I’ve never been an outliner. I would consider myself, at least at various times in my life, an avid writer, but never an outliner. I never cared for the school exercises in which you were forced to make an outline and then adhere to it. I’m sure this is a very helpful tool for many, but it has never been a part of my process.
I had never been a procrastinator. Not that I remember anyway. I was the kind of student that would finish homework on a Friday so that I could have the rest of the weekend carefree. I was more like that in high school than I was in college, and now as a graduate student it’s a wonder to me that I was ever like that.
As I writhed in agony last weekend trying to prepare a fifteen-minute presentation for my class, I wondered at what point procrastination had crept so sneakily into my life. Lately, I have been feeling the pain on many school assignments and professional assignments and even my own personal assignments, though I’m still not one to wait until the last minute to start or finish something. I understand there’s a deadline ahead, and I start early, leaving me more time to agonize that I should be working instead of playing bejeweled for the hundredth time.
It finally hit me that I was not and am not a procrastinator, I am simply an agonizer. I remember it well from high school and college, the absolute dread that I was going to have to do a bit of work, maybe exert some effort, and all the bitching and moaning about it until that miraculous point at which it is done. It’s all part of my process. What a terrible process.
Still, any attempts to change the process – to outline or in some manner sstreamline things – have been feeble and abandoned quickly. I take a kind of evolutionary approach to my topics. I know how I want to start and if I’m lucky I have a few ideas in my head of what I want to hit along the way, but where it ends up is as much a mystery to me as it is to you. Editing is a different (and much bigger) process entirely, in which I take my beginning and put it in the middle and rearrange all that word vomit I puke onto the page into something…well…edible. (See, I told you I didn’t know where I was going.)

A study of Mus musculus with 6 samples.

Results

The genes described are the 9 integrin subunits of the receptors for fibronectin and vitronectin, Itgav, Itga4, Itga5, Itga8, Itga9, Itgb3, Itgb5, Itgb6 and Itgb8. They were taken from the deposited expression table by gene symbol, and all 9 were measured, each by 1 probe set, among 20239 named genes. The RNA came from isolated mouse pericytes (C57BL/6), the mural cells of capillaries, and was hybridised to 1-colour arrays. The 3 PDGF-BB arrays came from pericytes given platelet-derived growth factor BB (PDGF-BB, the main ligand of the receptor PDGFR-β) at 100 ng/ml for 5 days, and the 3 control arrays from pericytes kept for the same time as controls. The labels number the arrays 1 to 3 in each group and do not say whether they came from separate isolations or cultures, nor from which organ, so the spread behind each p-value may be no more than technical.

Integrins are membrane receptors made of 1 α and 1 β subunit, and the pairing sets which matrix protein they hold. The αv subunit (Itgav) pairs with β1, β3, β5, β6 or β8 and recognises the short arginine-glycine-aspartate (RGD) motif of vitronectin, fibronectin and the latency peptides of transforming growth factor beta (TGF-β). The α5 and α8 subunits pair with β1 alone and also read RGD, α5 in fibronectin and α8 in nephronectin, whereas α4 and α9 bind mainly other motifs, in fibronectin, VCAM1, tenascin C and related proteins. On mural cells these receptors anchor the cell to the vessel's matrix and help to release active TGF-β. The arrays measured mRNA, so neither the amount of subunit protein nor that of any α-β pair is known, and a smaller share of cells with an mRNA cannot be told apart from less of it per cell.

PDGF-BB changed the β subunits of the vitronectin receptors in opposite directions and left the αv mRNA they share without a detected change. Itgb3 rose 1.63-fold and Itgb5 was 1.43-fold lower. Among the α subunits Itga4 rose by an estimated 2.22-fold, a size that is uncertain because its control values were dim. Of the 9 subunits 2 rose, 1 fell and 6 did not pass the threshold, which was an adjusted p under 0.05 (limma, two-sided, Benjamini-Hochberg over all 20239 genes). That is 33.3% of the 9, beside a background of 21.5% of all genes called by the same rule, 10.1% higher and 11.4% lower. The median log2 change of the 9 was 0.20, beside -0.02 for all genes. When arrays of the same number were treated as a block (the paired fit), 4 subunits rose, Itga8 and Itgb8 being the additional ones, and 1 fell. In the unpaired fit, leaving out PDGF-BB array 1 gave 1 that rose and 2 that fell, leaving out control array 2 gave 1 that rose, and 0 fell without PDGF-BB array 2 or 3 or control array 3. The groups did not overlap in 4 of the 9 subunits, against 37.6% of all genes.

Though I think I could improve my processes vastly with only minor attitude adjustments, I have to say that the bitching and moaning part of the process, when done correctly, can be quite lucrative. And no, I won’t tell you how to do it correctly because then it would be less special when I do it. I also think that the older I get, the more schooling I have and the more things that I successfully complete lead to this kind of subliminal logic that if all that stuff got done before, it’ll somehow get done again.
I can’t say that I love this process, but I continue with it because I like the results. I always do pretty well. In fact, I found out just yesterday that a paper I wrote for a class I took summer quarter was one of the example papers for the same class this quarter. Not too shabby. And though I was extremely doubtful about the presentation I prepared, it was received extremely well. I’m not entirely sure if I can put that in the win column, but that part after the class is over and everybody comes up to me to tell me what a great job I did – I LOVE that part. It makes the whole process worthwhile. The only problem is it’s only retroactively worthwhile. It’s impossible to carry that feeling over to the next project or presentation because you just can’t be sure how it will be received.